What do you think our founding fathers would think of "social networking?" I'm very interested in technology, I have worked as a technology teacher and I have just completed certification to be a library media specialist. I love exploring new software applications and teaching people how to use them.
When I came across this article on Boston.com I hatched (hence the word eggs in my title) an idea that maybe my blog friends would be interested in it also. I was naturally drawn to it because of my interest in technology and I thought I'd post this slide show as an article. I'd love to hear your thoughts on technology and social networking.
Now that you've had a moment to process this information, how do you think our founding fathers would react to today's technology?
1. The social venter
This person never misses an opportunity to document a bad work or personal situation on a social networking site. Facebook, Twitter, and personal blogs are littered with job-related groans and negative gripes.
The solution: Look on the bright side. Keep the information that you post positive. Sticky or unpleasant situations are best discussed offline and in private.
2. The noise polluter
This person and their phone seem to lack a silent mode or off button. Your peaceful work day is interrupted by this person who noisily and freely makes calls without any regard for their colleagues. Their phone rings noisily and their conversations become impersonal and loud interruptions.
The solution: Keep office noise at a minimum. Set your phone to silent mode at the office and hold personal conversations in private.
3. The cryptic communicator
This person relies on shorthand texting, but doesn't limit it to just texting. Odd or informal abbreviations, poor punctuation, and spelling and grammatical goofs leave people shaking their heads and make the messages harder to decipher and understand.
The solution: Improve your communication skills, at least by taking it easy on the abbreviations. Spending just a little more time on your communications makes them easier to decipher.
4. The pop-up artist
This persona manages to interrupt your work without having to be within a short, physical distance. This chat fanatic insists on sending you instant messages constantly throughout the day, sometimes without work in mind.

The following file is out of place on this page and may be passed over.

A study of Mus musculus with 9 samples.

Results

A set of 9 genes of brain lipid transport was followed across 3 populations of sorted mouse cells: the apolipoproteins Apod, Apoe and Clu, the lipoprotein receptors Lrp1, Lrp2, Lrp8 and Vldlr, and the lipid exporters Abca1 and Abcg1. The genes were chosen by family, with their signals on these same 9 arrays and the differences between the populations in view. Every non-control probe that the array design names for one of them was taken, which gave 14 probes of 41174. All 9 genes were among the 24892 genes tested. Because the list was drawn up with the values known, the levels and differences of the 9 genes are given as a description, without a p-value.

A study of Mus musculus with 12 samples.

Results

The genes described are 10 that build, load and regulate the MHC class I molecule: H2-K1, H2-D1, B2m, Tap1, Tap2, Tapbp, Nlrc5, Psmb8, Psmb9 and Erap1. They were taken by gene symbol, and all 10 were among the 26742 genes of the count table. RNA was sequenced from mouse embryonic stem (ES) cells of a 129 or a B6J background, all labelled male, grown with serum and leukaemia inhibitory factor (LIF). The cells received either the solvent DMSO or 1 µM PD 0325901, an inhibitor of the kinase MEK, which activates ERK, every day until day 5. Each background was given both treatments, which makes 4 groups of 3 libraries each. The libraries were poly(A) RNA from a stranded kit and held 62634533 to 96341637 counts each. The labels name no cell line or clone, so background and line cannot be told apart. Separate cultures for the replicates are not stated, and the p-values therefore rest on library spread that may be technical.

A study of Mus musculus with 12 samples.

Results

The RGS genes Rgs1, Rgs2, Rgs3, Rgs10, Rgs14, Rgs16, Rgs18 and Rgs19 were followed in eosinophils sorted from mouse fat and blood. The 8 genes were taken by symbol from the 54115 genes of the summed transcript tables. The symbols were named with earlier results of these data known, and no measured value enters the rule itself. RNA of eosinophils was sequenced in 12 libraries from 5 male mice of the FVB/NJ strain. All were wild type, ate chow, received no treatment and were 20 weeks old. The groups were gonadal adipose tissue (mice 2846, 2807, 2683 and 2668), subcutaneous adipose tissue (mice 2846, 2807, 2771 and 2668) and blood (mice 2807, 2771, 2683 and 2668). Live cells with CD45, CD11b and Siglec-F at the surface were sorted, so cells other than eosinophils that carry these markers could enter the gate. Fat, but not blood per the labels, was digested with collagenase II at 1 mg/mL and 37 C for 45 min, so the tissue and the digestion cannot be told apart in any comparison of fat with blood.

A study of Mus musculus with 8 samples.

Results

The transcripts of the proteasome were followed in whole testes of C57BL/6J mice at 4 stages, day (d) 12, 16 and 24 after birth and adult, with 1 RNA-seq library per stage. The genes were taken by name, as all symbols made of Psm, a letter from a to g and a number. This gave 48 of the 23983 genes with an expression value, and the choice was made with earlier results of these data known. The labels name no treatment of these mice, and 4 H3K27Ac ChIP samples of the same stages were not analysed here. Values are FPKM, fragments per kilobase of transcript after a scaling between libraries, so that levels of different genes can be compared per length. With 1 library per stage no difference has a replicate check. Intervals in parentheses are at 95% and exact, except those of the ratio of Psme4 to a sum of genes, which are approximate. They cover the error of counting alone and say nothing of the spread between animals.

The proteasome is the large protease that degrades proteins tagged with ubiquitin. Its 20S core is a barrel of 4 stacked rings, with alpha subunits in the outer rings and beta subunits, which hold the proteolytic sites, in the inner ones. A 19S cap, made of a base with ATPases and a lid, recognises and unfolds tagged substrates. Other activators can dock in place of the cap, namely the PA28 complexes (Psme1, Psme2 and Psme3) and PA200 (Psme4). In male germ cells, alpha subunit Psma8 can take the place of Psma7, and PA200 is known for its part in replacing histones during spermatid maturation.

The solution: Don't go overboard. IMs are fine for quick conversations but most people prefer e-mail.
5. The conference call con
This is the person who pretends to pay attention in teleconferences but multitasks to the point where he has no clue about what's being discussed. Sadly, this is not an unusual problem: 45 percent of executives confessed to frequently doing other things while in these meetings, according to a Robert Half survey.
The solution: Pay attention. While a little multitasking is all right from time to time, pay attention to relevant conversations. Being invested in the conversation can keep you from being distracted.
6. The selfish networker
The concept of "reciprocation" is lost on this person, who only visits professional networking sites when it benefits their own needs. This corporate climber solicits recommendations and introductions on LinkedIn, but never returns the favor or says thanks.
The solution: Be a good friend or colleague. Follow the etiquette of social networking sites like LinkedIn so that your requests don't fall on deaf ears.
7. The friend counter
This person is all about the quantity, not the quality, when it comes to Facebook friend requests. They will send friend requests out to anyone and everyone – even people they barely know – in order to have the most friends.
The solution: Be more selective. Social networking is not about how many friends or followers you have, but the quality of those you are connected with. You'll find your contacts to be more worthwhile in the end.
8. The trivial Twitterer
Social networking sites for professionals are more about sharing the most important information than sharing all information. This person uses social networking sites such as Twitter and Facebook to post mundane facts about their life and work, such as what they had for lunch. Their contacts therefore get bombarded with these annoying little updates.
The solution: Be more insightful. Strategic Twitter and Facebook users, who use it for professional reasons, spotlight their expertise by offering valuable information such as industry news and articles. Weed out the unimportant comments to save everyone the time.
9. The computer crasher
Without warning, this infamous inbox clogger sends mega-sized attachments that take forever to download or, worse, cause others' computers to crash and shut down.
The solution: Be polite. For both the sender and the recipient, make sure the attached file is under the size limit and if it isn't, consider zipping the file or using a file transfer service.
10. The interview interrupter
This is the person who never makes it into the workplace without screwing up the interview with constant texting. Addicts are so attached to their phones that they can't put them away to answer a few questions and therefore, have typed their way out of a job.
The solution: It's obvious: Put away your phone. For interviews or other important meetings, make sure to put your phone in silent mode or to turn it off completely. The person on the other end can wait a few minutes while you get your life in order.